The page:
Cummings and Melham shine on Australian Cup Day
James Cummings became the latest member of the family to join one of the most esteemed honour rolls in Australian racing history.
In front of a crowd of more than 11,000 people, Cummings produced stable favourite Cascadian to win the $3 million Group 1 event in its new home on the final Saturday in March.
The Australian Cup was a race Cummings’ legendary grandfather Bart won 13 times and he was cognisant of the significance of the win.
“I’m privileged as a young Cummings to be here on the big stage and have competitors in races like these,” he said.
“I had a very stern meeting with my brother Edward yesterday and talked to him about how I might be able to go about winning this and at the conclusion of it he said, ‘you go and win it this year and I’ll be back to win it next year’.”
Cummings saw Cascadian, a son of New Approach, further endear himself to Godolphin’s huge team when he broke his Flemington duck at his ninth attempt.
It was the third Group 1 win for the eight-year-old, to go with the Doncaster Mile and All Aged Stakes, and 11th win overall from 47 starts with his bankroll now sitting at $8,258,075.
“He deserves another big Group 1, he’s a wonderful horse and it’s a credit to his Highness Sheikh Mohammed to be winning a big weight-for-age race on a big day in Melbourne at Flemington,” Cummings said.
It was the first Australian Cup for Ben Melham, who was aboard Cascadian when second in the previous week’s $5 million All-Star Mile.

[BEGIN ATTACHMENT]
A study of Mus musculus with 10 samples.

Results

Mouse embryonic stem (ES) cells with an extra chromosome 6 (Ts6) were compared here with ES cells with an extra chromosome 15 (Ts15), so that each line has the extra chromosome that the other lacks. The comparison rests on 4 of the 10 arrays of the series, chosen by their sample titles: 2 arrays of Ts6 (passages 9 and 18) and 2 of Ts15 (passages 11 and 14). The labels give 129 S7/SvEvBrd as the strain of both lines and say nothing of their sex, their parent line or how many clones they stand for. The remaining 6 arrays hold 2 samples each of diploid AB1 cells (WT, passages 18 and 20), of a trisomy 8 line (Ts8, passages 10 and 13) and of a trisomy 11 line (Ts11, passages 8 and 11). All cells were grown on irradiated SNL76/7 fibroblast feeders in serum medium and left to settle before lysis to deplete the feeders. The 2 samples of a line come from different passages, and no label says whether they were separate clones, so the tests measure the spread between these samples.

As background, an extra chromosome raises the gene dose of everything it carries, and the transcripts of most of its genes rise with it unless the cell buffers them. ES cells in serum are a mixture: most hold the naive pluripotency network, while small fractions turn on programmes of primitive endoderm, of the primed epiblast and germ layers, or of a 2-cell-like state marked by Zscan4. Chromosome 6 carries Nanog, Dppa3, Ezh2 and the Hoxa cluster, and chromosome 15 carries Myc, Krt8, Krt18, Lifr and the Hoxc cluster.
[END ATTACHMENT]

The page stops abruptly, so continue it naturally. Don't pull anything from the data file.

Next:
Melham’s partner Jamie Kah won the Doncaster on him but remains sidelined after her fall on Australian Guineas Day.
“I got a bit of advice off her how to ride him,” Melham said.
“It was special and more so for the horse as well, he’s been deserving of a Group 1 here at Flemington and what a race to do it in.”
What You Need a star in the making
Forty minutes before his Australian Cup success, Melham won the race many were looking forward to just as much as the day’s signature event aboard What You Need.
The Mick Price and Michael Kent Jnr-trained gelding underlined his reputation as one of the most exciting sprinters in the country with victory in the $500,000 Listed Sunlight Classic (1100m).
The son of Supido stretched his record to three wins from as many starts with a one length win over Renosu and boom filly Benedetta in a performance that could be the stepping-stone to much greater riches.
“He’s lightly-raced but he’s a top-line colt, I’ve got no doubt about that,” Melham said.
What You Need’s win was the middle pin of a winning treble for Melham, who opened his winning account aboard the Cummings-trained Kallos in the $175,000 Listed ATA/Boy Hoysted Handicap.
Goldman gets golden ticket
Gai Waterhouse is eyeing a second Lexus Melbourne Cup after winning the first ‘golden ticket’ into this year’s race.
The Hall of Fame trainer produced untapped Kiwi-bred Goldman to win the first edition of the Lexus Roy Higgins that carried a Melbourne Cup ballot exemption.
Bookmakers expect the form will translate to the first Tuesday in November with the son of Verdi, who cruised home 2-3/4 lengths clear of Soulcombe under Jordan Childs, now favourite in some markets for this year’s big ‘two-miler’.
Waterhouse, who trains in partnership with Adrian Bott, said the four-year-old had done his job for the campaign and her biggest battle now could be containing the gelding’s owners’ excitement for the next seven-and-a-bit months.
“We’ll let the paddock worry about him and we’ll worry about him when he gets back…the owners are the biggest thing that need managing,” Waterhouse said.
The win was Goldman’s fourth in a row and third-straight this campaign, taking his overall record to five wins from seven starts.